Pakistan rejects US demand for NWA military operation
The Obama administration resumed pressure on Islamabad for military action in North Waziristan.
The demand was first made by US Ambassador to Pakistan Cameron Munter during his meeting with Foreign Minister Hina Rabbani Khar which took place after the Kabul attacks, followed by a telephone call from US Secretary of State Hillary Clinton to her Pakistani counterpart.
Besides, official sources say that the US also conveyed the demand to the Pakistan Army leadership through military channels. However, Pakistan has once again refused to budge to US pressure for launching a military offensive in North Waziristan, where the Obama administration believes that senior Taliban leader Siraj Haqqani is hiding, along with his fighters.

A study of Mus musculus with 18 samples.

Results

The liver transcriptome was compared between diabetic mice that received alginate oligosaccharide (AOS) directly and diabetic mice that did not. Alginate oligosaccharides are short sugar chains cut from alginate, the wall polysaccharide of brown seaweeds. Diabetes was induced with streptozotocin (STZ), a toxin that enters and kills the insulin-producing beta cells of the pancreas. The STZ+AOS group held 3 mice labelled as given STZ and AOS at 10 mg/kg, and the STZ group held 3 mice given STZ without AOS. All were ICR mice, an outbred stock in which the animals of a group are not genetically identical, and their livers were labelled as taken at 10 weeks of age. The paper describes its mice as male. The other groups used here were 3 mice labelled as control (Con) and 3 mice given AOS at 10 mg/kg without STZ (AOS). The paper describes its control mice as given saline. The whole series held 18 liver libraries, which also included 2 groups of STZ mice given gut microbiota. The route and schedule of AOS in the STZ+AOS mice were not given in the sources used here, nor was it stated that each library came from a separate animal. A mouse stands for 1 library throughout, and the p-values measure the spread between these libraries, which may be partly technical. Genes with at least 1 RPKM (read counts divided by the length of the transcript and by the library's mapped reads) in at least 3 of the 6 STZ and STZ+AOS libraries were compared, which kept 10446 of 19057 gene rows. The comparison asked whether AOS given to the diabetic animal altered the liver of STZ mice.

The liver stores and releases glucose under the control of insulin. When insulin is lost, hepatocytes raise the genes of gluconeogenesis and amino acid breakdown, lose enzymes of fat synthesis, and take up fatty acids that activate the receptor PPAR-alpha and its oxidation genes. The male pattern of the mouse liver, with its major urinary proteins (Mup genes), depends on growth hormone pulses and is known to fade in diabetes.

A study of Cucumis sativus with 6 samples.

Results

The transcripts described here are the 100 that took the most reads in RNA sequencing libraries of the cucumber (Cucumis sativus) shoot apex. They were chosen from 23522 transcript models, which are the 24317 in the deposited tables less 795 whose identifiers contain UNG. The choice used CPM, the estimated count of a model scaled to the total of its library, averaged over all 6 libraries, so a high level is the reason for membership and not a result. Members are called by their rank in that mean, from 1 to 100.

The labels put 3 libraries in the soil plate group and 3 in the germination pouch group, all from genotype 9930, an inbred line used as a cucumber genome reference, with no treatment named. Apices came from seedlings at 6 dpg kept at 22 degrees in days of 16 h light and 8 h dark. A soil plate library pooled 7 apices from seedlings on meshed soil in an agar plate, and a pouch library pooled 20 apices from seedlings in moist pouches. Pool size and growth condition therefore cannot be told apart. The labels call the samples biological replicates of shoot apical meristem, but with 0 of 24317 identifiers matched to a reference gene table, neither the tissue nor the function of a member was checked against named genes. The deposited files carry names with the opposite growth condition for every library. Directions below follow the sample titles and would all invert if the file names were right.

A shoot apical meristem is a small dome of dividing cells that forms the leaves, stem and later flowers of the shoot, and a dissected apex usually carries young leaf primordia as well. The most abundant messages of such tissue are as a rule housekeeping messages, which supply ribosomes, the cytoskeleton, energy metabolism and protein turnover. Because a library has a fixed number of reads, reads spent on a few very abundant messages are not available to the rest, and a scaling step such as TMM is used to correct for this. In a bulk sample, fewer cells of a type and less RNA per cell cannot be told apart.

US Ambassador to Afghanistan Ryan C Crocker also blamed the Haqqani network on Thursday for conducting coordinated attacks in Kabul and other cities. Talking to reporters in Kabul, he demanded Pakistan to crack down on what he called “Haqqani safe havens” in Pakistan. “There is no question in our minds that the Haqqanis were responsible for these attacks.
We know where their leadership lives and we know where these plans are made in Pakistan,” he said. A Pakistani diplomat seeking anonymity, however, rejected US allegations, saying that everything that happens in Kabul is not planned in Pakistan’s tribal belt.
“There might be Taliban fighters present in North Waziristan and other tribal areas, but blaming those people for every bad thing that happens in Afghanistan seems to have become the Americans’ habit now,” he said, while ruling out the possibility of a new military offensive in North Waziristan.
A security official, who also sought anonymity, confirmed that the US was exerting increasing pressure on Pakistan for a new military offensive. However, he too rejected the likelihood of any such offensive, saying that would put too much burden on Pakistani security forces already overstretched due to ongoing operations in areas such Khyber and Orakzai agencies.